Leveraging the Equivalence of Hysteresis Models From Different Fields for Analysis and Numerical Simulation of Jointed Structures

[+] Author and Article Information
T. J. Royston

 University of Illinois at Chicago, Chicago, IL 60607troyston@uic.edu

J. Comput. Nonlinear Dynam 3(3), 031006 (Apr 30, 2008) (8 pages) doi:10.1115/1.2908348 History: Received April 03, 2007; Revised January 28, 2008; Published April 30, 2008

An important problem that spans across many types of systems (e.g., mechanical and biological) is how to model the dynamics of joints or interfaces in built-up structures in such a way that the complex dynamic and energy-dissipative behavior that depends on microscale phenomena at the joint/interface is accurately captured, yet in a framework that is amenable to efficient computational analyses of the larger macroscale system of which the joint or interface is a (spatially) small part. Simulating joint behavior in finite element analysis by meshing the joint regions finely enough to capture relevant micromechanics is impractical for large-scale structural systems. A more practical approach is to devise constitutive models for the overall behavior of individual joints that accurately capture their nonlinear and energy-dissipative behavior and to locally incorporate the constitutive response into the otherwise often-linear structural model. Recent studies have successfully captured and simulated mechanical joint dynamics using computationally simple phenomenological models of combined elasticity and slip with associated friction and energy dissipation, known as Iwan models. In the present article, the author reviews the relationship, and in some cases equivalence, of one type of Iwan model to several other models of hysteretic behavior that have been used to simulate a wide range of physical phenomena. Specifically, it is shown that the “parallel-series” Iwan model has been referred to in other fields by different names, including “Maxwell resistive capacitor,” “Ishlinskii,” and “ordinary stop hysteron.” Given this, the author establishes the relationship of this Iwan model to several other hysteresis models, most significantly the classical Preisach model. Having established these relationships, it is then possible to extend analytical tools developed for a specific hysteresis model to all of the models with which it is related. Such analytical tools include experimental identification, inversion, and analysis of vibratory energy flow and dissipation. Numerical case studies of simple systems that include an Iwan-modeled joint illustrate these points.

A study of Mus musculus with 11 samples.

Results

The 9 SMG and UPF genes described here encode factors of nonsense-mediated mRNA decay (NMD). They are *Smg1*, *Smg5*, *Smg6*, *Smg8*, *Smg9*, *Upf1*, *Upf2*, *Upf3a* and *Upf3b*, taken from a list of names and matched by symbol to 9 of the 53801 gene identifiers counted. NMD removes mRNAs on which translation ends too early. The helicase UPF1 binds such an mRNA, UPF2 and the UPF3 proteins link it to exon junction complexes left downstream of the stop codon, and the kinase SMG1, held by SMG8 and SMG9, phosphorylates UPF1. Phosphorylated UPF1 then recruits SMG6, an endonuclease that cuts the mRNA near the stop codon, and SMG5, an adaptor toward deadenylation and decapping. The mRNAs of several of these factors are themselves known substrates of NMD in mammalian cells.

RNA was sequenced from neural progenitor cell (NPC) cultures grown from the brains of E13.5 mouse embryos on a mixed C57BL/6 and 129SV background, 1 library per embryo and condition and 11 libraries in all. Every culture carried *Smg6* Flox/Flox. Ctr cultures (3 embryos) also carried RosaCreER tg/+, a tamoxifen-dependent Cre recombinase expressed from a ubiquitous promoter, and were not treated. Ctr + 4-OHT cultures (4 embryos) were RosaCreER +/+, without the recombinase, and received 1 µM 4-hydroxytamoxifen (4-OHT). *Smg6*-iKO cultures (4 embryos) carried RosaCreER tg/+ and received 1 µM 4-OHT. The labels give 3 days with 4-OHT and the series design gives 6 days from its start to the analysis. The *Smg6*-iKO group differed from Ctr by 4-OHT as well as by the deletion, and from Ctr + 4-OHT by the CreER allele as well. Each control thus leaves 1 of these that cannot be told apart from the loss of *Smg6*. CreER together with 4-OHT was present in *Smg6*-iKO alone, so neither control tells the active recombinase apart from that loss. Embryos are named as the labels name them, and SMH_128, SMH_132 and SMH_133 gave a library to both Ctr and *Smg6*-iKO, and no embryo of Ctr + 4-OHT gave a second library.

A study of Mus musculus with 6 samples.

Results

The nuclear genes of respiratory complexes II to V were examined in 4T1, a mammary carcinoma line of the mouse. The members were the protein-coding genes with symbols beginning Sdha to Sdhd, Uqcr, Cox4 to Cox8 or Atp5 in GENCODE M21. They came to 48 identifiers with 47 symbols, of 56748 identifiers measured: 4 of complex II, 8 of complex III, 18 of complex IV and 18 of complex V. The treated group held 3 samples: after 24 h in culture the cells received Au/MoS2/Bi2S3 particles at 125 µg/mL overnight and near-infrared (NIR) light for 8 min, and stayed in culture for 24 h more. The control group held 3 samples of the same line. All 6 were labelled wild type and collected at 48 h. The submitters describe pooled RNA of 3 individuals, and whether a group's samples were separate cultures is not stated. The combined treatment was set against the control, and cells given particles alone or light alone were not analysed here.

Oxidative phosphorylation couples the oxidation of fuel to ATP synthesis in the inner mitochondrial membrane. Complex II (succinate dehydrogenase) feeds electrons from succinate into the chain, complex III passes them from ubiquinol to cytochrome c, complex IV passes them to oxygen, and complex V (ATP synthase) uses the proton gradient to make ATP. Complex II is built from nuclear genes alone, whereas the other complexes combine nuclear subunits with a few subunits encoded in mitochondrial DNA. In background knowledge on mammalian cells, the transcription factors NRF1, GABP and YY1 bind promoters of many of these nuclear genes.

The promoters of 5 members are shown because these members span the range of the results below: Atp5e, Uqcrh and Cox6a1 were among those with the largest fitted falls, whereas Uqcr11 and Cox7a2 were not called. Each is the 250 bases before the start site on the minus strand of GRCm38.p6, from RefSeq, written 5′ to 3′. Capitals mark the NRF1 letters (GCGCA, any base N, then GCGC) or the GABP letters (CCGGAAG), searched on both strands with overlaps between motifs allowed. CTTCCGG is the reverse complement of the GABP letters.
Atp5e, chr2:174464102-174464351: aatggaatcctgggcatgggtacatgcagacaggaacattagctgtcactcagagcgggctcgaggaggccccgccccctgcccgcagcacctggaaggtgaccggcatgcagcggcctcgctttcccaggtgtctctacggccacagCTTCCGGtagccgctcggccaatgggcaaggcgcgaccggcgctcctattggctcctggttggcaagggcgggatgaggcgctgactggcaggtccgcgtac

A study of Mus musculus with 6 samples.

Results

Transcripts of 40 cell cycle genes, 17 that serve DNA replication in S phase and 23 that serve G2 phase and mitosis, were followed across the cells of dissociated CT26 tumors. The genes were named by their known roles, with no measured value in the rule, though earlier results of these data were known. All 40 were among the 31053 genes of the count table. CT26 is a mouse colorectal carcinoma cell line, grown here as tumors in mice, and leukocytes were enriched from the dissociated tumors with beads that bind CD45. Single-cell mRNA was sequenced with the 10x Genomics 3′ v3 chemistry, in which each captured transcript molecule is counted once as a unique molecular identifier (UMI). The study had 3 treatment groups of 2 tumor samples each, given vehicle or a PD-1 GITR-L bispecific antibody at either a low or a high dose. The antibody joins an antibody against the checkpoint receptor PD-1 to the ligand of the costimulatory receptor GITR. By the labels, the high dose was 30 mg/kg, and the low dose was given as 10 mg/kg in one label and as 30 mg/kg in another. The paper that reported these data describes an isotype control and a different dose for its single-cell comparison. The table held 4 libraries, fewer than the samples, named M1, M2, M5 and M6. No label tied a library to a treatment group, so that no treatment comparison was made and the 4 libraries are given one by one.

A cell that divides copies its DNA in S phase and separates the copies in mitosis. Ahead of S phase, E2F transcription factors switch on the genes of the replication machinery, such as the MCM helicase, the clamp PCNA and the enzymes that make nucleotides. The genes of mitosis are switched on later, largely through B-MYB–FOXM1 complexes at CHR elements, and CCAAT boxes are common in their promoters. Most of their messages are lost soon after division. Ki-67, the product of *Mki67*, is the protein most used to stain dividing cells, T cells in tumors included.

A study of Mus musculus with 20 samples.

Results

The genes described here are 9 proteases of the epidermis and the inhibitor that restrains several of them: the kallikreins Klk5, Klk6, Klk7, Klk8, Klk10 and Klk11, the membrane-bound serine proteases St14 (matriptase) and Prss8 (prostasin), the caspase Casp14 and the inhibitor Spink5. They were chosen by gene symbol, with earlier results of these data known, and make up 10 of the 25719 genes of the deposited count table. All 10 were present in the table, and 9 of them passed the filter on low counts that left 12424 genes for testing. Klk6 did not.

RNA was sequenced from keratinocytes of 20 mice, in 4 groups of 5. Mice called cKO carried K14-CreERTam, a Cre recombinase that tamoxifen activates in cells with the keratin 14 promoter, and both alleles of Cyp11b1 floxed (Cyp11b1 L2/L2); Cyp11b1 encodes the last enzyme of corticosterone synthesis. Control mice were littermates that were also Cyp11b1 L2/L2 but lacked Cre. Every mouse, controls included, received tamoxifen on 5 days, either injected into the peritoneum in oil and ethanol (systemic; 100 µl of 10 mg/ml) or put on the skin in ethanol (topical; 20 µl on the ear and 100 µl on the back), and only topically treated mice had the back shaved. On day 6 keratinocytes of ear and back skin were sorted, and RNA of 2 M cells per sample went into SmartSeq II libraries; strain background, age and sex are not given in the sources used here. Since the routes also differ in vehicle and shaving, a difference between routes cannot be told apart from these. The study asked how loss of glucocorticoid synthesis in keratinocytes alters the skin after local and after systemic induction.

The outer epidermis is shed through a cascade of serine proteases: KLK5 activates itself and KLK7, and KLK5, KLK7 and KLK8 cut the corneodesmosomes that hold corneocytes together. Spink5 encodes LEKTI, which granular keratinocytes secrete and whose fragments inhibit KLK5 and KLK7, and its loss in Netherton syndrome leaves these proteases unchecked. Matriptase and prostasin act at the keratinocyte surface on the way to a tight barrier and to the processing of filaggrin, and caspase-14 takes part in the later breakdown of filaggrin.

The parallel-series Iwan system


Functional relationships of classical Preisach representation of Iwan hysteresis model. (a) Weighting function μ[x,y]. (b) Everett function F[x,y] based on first order transition curves. Stepped nature of functions is evident for the case of finite N.


Everett function evaluated along the line z, which is x=−y. (a) F[z]. (b) dF[z]/dz.


Jointed system for example case study. The vibratory “source” is the force excitation on the right side of the joint. The joint, modeled as a discretized parallel-series Iwan system, is the “path” and the damper is the “receiver.” In the numerical studies presented here, the four parameters of the Iwan system are Fs=1, K=1, β=0, and χ=−1∕2. The damper coefficient is b=1. The discretized Iwan model has N=50 and α=1.2.


Time domain responses for one cycle of uJ[t], uJR[t], and uJL[t] normalized by uJ0 for uJ0=0.1 (——), 1 (–––), and 10 (----) for ω=1


uJ[t]∕uJ0 versus FJ[t]∕uJ0 for uJ0=0.1 (——), 1 (–––), and 10 (------) for ω=1


Dissipative (damping) receiver. Vibratory energy input per cycle (Pin) in dB reference ∣uJ0∣2 for uJ0 from 0.01 to 100 (−40to40dB) and for ω from 0.01 to 100 (−40to40dB). (a) Pin occurring at the fundamental frequency ω. (b) Pin occurring at higher harmonics of ω, summed from 2ω to 254ω.


Dissipative (damping) receiver. Vibratory energy dissipation per cycle at the joint (Pdis) in dB reference ∣uJ0∣2 for uJ0 from 0.01 to 100 (−40to40dB) and for ω from 0.01 to 100 (−40to40dB). Pdis only occurs at frequency ω as the relative motion across the joint uJ[t] is specified to be harmonic.


Dissipative (damping) receiver. Vibratory energy transmission to and dissipation per cycle in the receiver (damper) (Ptran) in dB reference ∣uJ0∣2 for uJ0 from 0.01 to 100 (−40to40dB) and for ω from 0.01 to 100 (−40to40dB). Ptran occurring at the fundamental frequency ω is shown. Ptran occurring at higher harmonics of ω, summed from 2ω to 524ω, is identical to Fig. 7.


The amplitude of FJ[t] versus uJ0. (——) calculated using Eq. 20, (----) fundamental harmonic component at ω calculated from direct time simulation and (–––) sum of higher harmonic components from 2ω to 254ω calculated from direct time simulation.


Resonant receiver. Vibratory energy input per cycle (Pin) in dB reference ∣uJ0∣2 for uJ0 from 0.01 to 100 (−40to40dB) and for ω from 0.01 to 10 (−40to20dB). (a) Pin occurring at the fundamental frequency ω. (b) Pin occurring at higher harmonics of ω, summed from 2ω to 254ω.


Resonant receiver. Vibratory energy transmission to and dissipation per cycle in the receiver (damper) (Ptran) in dB reference ∣uJ0∣2 for uJ0 from 0.01 to 100 (−40to40dB) and for ω from 0.01 to 10 (−40to20dB). Ptran occurring at the fundamental frequency ω is shown. Ptran occurring at higher harmonics of ω, summed from 2ω to 524ω, is identical to Fig. 1.